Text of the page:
Shocking Quality Of Blog Reviews Revealed

I always thought ReviewMe set a high standard, admitting only those blogs that qualify to join their program. They are one of the early pay-per-post sponsors. To be accepted by ReviewMe, your blog must have achieved a certain traffic ranking from sites like Alexa, Google PageRank and Technorati.

In their promo, they write that bloggers are required to write in a way that makes sense for their unique niches and audience. Blogs must also have a minimum number of citations, traffic, and subscribers to RSS feeds.

After The NextPost had attained a PR4 status last month, it was accepted by ReviewMe. I'm always game to try something new, so I thought why not submit a one-time $10 review campaign with ReviewMe and see who picks up the offer and do a review of this blog.

Sure enough, somebody picked up the offer and ReviewMe informed me that this blog has been reviewed. That's fine. Now I just pop over to that blog and see what it's like...

SHOCKING! That's my reaction after seeing the review. The name of that site is called "Blog Corner." (Can't help it if I've to link to it so you can go over and have a look).

I don't want to describe how bad it is. It's just BAD...but the interesting questions are:

  • How did that review get approved? By a human or a bot?
  • Would any advertiser give a thumbs-up for such a review? Would they want to come and advertise again?
  • Why wasn't the advertiser asked to approve the pending review before releasing it?

Almost every line was simply lifted from my profile and blog description. There's nothing original from the reviewer. This is a real rip-off! Take a look at two screenshots from "Blog Corner"...

Well, how do you like that? Cute teddy bears, eh?

Joshua Dorkin over at Time For Blogging also felt the same after discovering that his site was given a "bad review."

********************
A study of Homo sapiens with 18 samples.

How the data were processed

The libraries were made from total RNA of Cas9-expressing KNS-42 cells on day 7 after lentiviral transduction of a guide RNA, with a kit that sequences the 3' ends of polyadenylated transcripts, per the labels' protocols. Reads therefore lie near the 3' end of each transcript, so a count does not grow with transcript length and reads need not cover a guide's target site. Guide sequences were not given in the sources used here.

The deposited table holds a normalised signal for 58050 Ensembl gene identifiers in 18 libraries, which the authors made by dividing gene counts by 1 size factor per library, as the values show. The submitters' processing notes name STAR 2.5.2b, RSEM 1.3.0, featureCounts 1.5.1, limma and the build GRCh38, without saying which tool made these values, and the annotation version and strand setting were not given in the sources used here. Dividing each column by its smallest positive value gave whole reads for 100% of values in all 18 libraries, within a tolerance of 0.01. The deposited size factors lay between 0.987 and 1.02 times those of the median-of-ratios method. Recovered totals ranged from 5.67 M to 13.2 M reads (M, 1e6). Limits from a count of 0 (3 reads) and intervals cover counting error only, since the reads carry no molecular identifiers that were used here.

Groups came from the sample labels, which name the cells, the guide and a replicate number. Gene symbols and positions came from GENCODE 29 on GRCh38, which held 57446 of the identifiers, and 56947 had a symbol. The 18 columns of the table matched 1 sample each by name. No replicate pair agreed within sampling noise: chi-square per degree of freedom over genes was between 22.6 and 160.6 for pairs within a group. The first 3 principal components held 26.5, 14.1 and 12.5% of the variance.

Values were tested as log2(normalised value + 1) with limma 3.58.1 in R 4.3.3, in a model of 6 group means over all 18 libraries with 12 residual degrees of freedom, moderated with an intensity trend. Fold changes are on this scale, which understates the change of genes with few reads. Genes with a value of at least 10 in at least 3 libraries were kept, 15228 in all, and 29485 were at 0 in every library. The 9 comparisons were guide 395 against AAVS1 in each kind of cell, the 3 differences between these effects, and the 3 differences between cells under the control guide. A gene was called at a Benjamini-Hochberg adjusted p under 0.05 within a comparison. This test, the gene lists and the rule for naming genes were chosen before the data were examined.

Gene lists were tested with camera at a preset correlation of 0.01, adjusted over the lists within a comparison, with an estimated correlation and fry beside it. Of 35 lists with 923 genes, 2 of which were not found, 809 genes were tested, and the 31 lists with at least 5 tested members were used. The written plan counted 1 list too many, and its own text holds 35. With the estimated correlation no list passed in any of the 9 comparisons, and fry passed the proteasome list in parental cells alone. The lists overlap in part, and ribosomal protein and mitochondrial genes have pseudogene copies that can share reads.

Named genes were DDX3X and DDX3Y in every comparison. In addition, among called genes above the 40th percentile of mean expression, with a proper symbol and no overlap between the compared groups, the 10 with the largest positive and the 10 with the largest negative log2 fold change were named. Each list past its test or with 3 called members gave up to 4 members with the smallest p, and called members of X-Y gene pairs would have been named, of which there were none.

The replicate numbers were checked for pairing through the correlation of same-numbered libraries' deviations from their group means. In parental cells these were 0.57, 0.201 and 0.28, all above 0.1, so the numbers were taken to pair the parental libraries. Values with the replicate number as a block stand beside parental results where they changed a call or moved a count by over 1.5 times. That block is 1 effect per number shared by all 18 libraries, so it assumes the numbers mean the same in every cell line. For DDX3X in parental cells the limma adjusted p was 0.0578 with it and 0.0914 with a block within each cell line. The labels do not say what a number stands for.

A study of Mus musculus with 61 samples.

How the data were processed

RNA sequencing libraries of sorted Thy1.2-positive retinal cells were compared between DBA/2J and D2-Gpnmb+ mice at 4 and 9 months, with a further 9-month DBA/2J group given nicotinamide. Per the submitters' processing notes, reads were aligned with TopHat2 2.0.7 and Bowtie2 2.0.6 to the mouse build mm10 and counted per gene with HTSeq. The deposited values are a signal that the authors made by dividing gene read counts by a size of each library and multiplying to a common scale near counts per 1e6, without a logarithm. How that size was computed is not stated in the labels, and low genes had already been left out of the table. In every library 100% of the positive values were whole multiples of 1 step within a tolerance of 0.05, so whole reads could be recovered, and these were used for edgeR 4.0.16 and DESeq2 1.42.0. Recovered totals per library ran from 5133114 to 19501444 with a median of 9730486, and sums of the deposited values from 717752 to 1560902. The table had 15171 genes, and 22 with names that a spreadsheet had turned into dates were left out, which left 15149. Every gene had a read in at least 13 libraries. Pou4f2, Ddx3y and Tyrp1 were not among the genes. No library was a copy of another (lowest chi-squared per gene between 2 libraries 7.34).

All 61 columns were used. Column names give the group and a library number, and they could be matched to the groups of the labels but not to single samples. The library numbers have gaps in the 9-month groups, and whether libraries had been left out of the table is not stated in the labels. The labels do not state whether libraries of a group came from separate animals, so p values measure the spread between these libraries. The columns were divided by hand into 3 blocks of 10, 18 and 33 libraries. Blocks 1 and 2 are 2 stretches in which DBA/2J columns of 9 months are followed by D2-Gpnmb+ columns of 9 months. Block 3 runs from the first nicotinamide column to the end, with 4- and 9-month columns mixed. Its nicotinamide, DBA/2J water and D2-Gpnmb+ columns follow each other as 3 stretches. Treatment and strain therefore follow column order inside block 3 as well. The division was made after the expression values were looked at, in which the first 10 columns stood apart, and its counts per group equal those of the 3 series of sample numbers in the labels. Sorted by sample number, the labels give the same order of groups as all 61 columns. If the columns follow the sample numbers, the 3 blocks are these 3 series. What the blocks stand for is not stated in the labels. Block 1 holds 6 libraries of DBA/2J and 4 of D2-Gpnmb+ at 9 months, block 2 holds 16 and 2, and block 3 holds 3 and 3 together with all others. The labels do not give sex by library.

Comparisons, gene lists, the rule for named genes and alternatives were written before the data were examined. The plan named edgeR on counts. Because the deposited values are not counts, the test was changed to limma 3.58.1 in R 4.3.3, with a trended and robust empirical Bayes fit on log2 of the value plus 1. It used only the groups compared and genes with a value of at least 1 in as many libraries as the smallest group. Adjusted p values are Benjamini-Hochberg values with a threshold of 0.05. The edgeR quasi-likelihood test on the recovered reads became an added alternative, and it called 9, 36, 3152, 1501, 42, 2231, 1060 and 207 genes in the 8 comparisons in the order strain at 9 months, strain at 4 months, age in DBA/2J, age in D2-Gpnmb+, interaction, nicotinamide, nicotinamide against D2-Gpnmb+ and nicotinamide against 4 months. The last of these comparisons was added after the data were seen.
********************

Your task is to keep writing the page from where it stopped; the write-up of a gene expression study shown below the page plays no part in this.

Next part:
"What I've noticed, however, is that many people are cheating their reviewees out of a proper website or blog review," he said in his post.

Are there loopholes in their systems?

With this kind of experience nagging you, I'm wondering how these sponsoring sites are going to plug these "loopholes" in their systems.

Take for example, three blogs, which I came across, carrying sponsored reviews that were exact replicas of each other. Playing snoopy, I found that they were all under one same owner.

I had also written to ReviewMe about the "bad review." Will wait and see whether a reply is forthcoming. Is there anybody else with the same bad experience with a ReviewMe review?

Related Posts:
SponsoredReviews: How To Win The Waiting Game
Can You Do Review Me?

Update:ReviewMe has notified me that they have taken appropriate action regarding this issue.
Read "ReviewMe say "sorry"...


Sandra said...

Ouch, that review is shocking. I don't understand that it got approved! I'd put in a complaint as well. Very curious about what reviewme has got to say about that.

Anonymous said...

Boy, it's not only shocking. it's plagiarism in a shameful way, lifting everything from the owner's profile and site description and getting paid by Review Me for it.

MakeMoneyOpportunity said...

Yes, that is a bad review. And I ask myself why one of my blogs didn´t get accepted by ReviewMe. Also, I don´t know about ReviewMe but sponsored reviews does take a long time to approve the reviews, even after they have been on my blog for a few days (I guess someone wants to read it). Great post!